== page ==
Author : PubMed Central
Site of publication : PubMed Central
Type of publication : Study
Date of publication : 10 September 2021
Multiple barriers prevent an equitable access to healthcare services in low-income countries (LICs), leading to higher morbidity and mortality rates for both acute and chronic diseases, especially in rural communities.
Sierra Leone is one of the least developed countries worldwide, where access to healthcare is mostly constrained by geographical barriers, extremely high out-of-pocket expenditures, lack of skilled medical staff, and poor service quality. Furthermore, the country’s health resources are unevenly distributed, with the vast majority of referral hospitals and more than half of the entire workforce concentrated in the urban area of Freetown, the nation’s capital.
The country’s health resources are unevenly distributed, with the vast majority of referral hospitals and more than half of the entire workforce concentrated in the urban area of Freetown, the nation’s capital.
To tackle the high rates of maternal and neonatal mortality reported in its territory, in 2010, the Sierra Leone government launched the Free Health Care Initiative (FHCI), which waived all medical-related fees for pregnant and breastfeeding women, children under the age of 5 years, and Ebola survivors. Although the FHCI was effective in curbing financial barriers to accessing care, leading to an overall improvement in the utilization rates of healthcare services, wealth-related health inequalities remained prevalent, and people residing in rural areas, accounting for 59% of the total population, were still left underserved.
Similar to most of the other African countries, Sierra Leone has been long devoid of any formalized prehospital care system. Since the limited number of ambulances available in the country were associated with high transport-related fees, the majority of patients used to reach hospital facilities either using private vehicles or public services, therefore bearing the costs of transport fare and often being subjected to delays in care.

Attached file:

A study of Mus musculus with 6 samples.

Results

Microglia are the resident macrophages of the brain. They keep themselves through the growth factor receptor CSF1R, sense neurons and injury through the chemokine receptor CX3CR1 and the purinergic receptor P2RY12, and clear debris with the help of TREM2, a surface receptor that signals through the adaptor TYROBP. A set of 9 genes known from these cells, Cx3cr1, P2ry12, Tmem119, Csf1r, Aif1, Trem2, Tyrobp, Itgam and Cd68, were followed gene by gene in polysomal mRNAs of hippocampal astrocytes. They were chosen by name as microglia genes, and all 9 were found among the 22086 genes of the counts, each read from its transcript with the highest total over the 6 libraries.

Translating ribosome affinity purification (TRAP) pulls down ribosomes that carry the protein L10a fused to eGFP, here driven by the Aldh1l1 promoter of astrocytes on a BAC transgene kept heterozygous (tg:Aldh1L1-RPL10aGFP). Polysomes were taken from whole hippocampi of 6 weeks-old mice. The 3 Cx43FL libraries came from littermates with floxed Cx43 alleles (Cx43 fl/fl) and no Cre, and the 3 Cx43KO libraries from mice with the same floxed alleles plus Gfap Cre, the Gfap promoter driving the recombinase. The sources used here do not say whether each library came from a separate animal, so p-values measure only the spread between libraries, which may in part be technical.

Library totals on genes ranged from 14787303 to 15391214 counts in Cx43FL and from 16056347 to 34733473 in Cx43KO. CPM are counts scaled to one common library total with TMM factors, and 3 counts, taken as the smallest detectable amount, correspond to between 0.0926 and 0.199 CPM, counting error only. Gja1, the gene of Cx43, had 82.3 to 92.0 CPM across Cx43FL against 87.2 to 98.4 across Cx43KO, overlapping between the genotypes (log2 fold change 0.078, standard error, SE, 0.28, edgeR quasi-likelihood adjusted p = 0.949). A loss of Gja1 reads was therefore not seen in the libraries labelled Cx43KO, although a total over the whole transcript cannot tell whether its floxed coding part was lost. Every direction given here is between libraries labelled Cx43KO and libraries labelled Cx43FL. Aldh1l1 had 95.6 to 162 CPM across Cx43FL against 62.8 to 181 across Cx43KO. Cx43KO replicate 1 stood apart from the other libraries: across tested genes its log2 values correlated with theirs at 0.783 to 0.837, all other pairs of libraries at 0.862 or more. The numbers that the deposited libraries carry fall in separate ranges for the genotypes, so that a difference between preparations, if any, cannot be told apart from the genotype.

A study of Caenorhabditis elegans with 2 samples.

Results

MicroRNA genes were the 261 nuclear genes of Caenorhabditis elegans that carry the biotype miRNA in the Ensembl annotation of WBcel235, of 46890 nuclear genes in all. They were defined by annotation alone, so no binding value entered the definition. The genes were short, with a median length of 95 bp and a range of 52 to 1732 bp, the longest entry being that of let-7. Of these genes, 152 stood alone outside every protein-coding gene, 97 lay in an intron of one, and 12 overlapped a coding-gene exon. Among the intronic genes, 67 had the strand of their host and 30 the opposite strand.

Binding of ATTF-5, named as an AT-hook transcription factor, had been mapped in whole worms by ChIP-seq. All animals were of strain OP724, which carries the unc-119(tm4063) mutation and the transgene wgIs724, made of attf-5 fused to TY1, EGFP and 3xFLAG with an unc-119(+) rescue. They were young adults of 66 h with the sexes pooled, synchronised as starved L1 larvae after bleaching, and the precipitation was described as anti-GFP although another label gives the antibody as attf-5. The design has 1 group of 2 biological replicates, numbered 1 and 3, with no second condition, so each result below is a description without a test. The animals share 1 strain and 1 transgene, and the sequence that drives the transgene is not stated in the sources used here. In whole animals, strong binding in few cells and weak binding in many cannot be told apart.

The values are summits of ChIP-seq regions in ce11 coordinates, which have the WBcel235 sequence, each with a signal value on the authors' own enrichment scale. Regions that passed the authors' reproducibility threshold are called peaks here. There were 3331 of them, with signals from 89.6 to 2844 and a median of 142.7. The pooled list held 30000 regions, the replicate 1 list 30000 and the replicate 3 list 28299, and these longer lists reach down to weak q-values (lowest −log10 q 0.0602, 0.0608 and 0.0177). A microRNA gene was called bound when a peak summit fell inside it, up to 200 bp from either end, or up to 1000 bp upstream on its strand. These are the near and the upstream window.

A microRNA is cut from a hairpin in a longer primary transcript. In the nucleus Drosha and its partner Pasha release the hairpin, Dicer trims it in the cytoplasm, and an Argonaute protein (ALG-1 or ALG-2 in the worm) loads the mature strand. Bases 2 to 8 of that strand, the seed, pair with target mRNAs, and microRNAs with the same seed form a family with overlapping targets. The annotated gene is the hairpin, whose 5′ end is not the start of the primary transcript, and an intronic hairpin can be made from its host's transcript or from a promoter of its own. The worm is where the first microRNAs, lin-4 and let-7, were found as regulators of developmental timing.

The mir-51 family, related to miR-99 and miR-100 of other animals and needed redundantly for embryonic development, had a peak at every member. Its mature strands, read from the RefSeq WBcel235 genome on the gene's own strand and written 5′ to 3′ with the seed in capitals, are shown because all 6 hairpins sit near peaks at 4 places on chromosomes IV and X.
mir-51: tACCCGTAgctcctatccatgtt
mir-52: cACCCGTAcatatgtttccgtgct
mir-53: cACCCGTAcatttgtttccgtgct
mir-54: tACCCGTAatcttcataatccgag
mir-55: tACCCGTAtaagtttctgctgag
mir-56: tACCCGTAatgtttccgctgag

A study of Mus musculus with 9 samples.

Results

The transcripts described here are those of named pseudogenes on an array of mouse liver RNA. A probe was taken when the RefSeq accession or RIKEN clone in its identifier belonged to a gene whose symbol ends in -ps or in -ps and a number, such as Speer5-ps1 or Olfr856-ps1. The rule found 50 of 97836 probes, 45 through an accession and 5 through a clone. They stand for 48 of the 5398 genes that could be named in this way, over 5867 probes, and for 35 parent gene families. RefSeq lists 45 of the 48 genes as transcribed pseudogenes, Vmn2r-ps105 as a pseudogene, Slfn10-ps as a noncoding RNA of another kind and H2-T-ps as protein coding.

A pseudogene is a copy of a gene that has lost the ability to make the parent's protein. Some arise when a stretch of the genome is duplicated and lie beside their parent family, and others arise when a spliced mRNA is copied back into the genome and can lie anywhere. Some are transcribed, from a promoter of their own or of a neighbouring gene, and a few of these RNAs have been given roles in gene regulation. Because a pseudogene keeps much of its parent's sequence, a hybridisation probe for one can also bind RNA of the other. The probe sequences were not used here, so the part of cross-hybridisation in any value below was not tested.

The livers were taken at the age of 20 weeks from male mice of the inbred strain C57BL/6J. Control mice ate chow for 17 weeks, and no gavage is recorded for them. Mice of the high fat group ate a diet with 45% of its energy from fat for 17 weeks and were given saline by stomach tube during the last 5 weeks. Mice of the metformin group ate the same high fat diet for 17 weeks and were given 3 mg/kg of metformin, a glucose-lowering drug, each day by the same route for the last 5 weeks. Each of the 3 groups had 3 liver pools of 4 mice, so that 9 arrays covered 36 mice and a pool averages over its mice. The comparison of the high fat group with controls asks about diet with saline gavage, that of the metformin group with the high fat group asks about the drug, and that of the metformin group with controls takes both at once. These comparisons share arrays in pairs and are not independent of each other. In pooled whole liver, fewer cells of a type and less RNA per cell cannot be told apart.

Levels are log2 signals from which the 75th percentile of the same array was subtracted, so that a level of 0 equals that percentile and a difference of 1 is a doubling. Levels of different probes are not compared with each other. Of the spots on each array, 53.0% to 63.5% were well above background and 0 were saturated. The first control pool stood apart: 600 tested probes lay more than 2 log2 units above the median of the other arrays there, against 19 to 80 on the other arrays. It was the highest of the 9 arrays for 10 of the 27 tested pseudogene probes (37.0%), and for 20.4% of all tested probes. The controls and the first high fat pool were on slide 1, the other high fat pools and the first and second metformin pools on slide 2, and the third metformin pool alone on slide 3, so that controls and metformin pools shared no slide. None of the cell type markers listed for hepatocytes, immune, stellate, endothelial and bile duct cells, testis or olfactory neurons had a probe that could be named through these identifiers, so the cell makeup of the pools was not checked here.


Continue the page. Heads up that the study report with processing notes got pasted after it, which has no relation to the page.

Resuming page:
In line with recommendations issued by the World Health Organization (WHO), in 2013, the African Federation of Emergency Medicine advocated for the development of prehospital care systems to reduce the high morbidity and mortality rates reported in African countries. Thus, in keeping with both WHO guidelines and national health security policies, in 2016, a government-backed joint venture comprising Doctors with Africa (CUAMM, Padua, Italy), the Regional Government of Veneto (Italy), the Research Center in Emergency and Disaster Medicine (CRIMEDIM, Università del Piemonte Orientale, Italy), and the Sierra Leone Ministry of Health and Sanitation (MOHS), designed the first National Emergency Medical Service (NEMS) in Sierra Leone, one of the very few coordinated, structured, and fully equipped prehospital emergency medical services (EMS) in the African continent. The goal of this newly developed entity is to provide a free-of-charge prehospital service coordinated by a centralized operation center (OC), using part of the ambulances donated to the country during the Ebola outbreak. With seed funding from the World Bank (Washington, DC USA), the service started in October 2018 and reached the full operativity countrywide on the 27th of May 2019, after a gradual process of training sessions and subsequent activation in all the 14 districts of Sierra Leone. After a 26-month work plan, the joint venture released a fully staffed and functional NEMS working all over Sierra Leone, managed by the local MOHS staff and funded through the governmental budget.